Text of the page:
I'm sure most of us easily remember that last Sunday we held lighted candles on that feast of the presentation of Jesus in the temple where Simeon proclaimed that he was a light for all the nations. We proclaimed our own desire to be that light and held those lighted candles as we listened to the Gospel. Today very directly, Jesus tells us, "You, each of us, are the light of the world."
As I began to reflect on these Sunday readings, it just seemed so clear to me that what we need to do is accept that call to be the light of the world and carry it out mostly by listening to that first lesson today where Isaiah tells the people, "Here is true fasting: to give your bread to the hungry, to save the lost, to give the homeless a place to stay, to take care of the needs of other people." But during this week, I received a copy of the talk that Pope Francis gave when he went to Hiroshima a couple of months ago. His opening words were kind of a shock to me. Here's what he said:
Here, in an incandescent burst of lightning and fire, so many men and women, so many dreams and hopes, disappeared, leaving behind only shadows and silence. In barely an instant, everything was devoured by a black hole of destruction and death. From that abyss of silence, we continue even today to hear the cries of those who are no longer.
Almost 100,000 people were destroyed in nine seconds in that burst of light. As I thought about those words of Pope Francis, I was thinking about how we are called to be the light of the world. But in that case, as a nation, we were a light that destroyed. Again, almost 100,000 people were destroyed in nine seconds. Tens of thousands of others were left with radiation sickness as that burst of light became a dark cloud filled with radioactive dust that continued to cause sickness and death for decades.
Our nation was the light of the world. A light that was evil cannot even be captured in a word. So I thought we can't just forget that time of our being a light in such a destructive way. We must repent of that, and now more than ever become the true light of the world according to what Jesus is teaching us, not a light that destroys, incinerates, burns, leaves behind a trail of hatred and resentment, but we have to be the light that Jesus truly intended us to be.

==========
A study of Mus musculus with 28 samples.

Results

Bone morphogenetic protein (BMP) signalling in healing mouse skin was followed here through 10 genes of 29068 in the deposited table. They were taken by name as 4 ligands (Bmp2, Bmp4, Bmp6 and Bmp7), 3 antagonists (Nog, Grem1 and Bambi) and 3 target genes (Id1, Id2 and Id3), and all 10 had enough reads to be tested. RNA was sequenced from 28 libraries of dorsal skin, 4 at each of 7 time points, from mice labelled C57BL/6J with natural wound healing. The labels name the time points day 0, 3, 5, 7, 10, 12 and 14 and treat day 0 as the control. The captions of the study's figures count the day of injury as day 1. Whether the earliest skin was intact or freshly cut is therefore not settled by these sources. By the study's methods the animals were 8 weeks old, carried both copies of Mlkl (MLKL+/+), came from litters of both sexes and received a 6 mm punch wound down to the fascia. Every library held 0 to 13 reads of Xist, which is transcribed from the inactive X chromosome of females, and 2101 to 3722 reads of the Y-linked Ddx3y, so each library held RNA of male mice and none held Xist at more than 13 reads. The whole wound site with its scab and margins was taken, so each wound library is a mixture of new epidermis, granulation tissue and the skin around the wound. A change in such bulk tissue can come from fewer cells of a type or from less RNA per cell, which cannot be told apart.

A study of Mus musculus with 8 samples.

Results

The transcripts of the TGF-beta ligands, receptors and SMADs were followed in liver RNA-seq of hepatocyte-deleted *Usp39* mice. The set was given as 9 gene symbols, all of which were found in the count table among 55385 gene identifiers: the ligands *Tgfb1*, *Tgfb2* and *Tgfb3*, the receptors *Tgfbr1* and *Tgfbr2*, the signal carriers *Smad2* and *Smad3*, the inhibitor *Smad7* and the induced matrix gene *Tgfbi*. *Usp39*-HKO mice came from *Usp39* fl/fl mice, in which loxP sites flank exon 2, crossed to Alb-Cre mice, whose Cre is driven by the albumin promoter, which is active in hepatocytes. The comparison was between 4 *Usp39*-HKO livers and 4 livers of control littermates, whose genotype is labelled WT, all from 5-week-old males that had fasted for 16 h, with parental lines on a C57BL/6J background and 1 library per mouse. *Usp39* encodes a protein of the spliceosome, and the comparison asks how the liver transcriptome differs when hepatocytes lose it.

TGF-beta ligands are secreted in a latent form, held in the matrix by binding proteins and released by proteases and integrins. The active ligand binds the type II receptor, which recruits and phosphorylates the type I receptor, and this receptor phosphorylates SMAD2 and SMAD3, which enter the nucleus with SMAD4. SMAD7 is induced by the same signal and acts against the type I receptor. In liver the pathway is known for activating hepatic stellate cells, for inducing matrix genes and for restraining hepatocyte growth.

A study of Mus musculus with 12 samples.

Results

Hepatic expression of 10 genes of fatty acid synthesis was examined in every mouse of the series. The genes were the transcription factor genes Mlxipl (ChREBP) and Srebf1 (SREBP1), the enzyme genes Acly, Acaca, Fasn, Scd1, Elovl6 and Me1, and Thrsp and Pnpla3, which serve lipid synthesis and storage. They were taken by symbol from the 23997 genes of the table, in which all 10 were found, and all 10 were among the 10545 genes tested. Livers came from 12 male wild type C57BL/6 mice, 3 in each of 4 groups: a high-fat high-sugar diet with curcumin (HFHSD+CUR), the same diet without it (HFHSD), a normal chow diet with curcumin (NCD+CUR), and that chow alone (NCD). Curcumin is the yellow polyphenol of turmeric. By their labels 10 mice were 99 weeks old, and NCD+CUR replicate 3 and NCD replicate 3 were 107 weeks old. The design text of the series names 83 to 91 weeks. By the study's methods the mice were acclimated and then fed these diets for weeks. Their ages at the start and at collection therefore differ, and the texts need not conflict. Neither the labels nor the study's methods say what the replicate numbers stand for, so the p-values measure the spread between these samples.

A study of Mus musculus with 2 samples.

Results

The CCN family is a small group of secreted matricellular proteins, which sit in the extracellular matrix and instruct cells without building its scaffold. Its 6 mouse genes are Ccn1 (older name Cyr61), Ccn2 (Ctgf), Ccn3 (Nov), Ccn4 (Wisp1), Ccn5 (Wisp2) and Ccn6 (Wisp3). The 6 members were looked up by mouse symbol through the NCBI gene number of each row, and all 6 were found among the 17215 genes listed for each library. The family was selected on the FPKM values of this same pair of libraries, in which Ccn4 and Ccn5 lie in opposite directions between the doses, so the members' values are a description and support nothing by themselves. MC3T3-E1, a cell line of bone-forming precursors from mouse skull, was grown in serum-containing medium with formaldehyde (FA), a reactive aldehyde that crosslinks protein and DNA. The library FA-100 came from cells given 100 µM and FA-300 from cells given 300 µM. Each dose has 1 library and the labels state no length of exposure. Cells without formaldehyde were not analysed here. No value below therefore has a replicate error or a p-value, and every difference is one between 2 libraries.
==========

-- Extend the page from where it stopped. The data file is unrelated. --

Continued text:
Yes, we do have to follow what Isaiah says in our first lesson today where he tells us what true fasting is. "Would you call this a fast day acceptable to the Lord? Is not this the kind of fast that pleases me: to break the fetters of injustice, to untie the thongs of the yoke, to set the oppressed free and so to break every yoke? Is it not to share your bread with the hungry, to bring into your house the homeless and poor, to clothe the naked and not turn away from your own kin?"
Those are the kinds of things that we must do to be the true light that Jesus calls us to be. We have to turn away from violence and hatred, killing, war. We must stop preparing this nuclear arsenal that we continue to upgrade and threaten to use at any moment. Instead we have to become a light that reaches out to give life and love, mercy and kindness to everyone, everywhere.
Yes, Jesus calls us to be light of the world and we have to repent of how we failed so dramatically back in 1945, and how we continue to threaten to do it again. No, we must build up within the community of nations a system of love, a system of communication, a system where we try to understand each other, care for each other, make our nation a leader in building peace in the world, and each of us build peace in our community, in our families as we carry out what Isaiah describes as a true fast.
We live in a very dangerous time and at this moment we really do need to make a choice. We must reject the violence of war, the weapons that are so destructive, and we must turn to the way of Jesus, become the light he calls us to be, a light that reaches out in love to every person starting in our families, our communities, our country, and then throughout the world. Yes, we must be that light, not the light that brought darkness and death. We thank Jesus for calling us to be the light of the world, and I hope each of us pledges to give ourselves in that task of being the true light of Jesus.
Editor's note: This homily was given Feb. 9 at St. Ambrose Church in Grosse Pointe Park, Michigan. The transcripts of Bishop Thomas Gumbleton's homilies are posted weekly to NCRonline.org. Sign up here to receive an email alert when the latest homily is posted.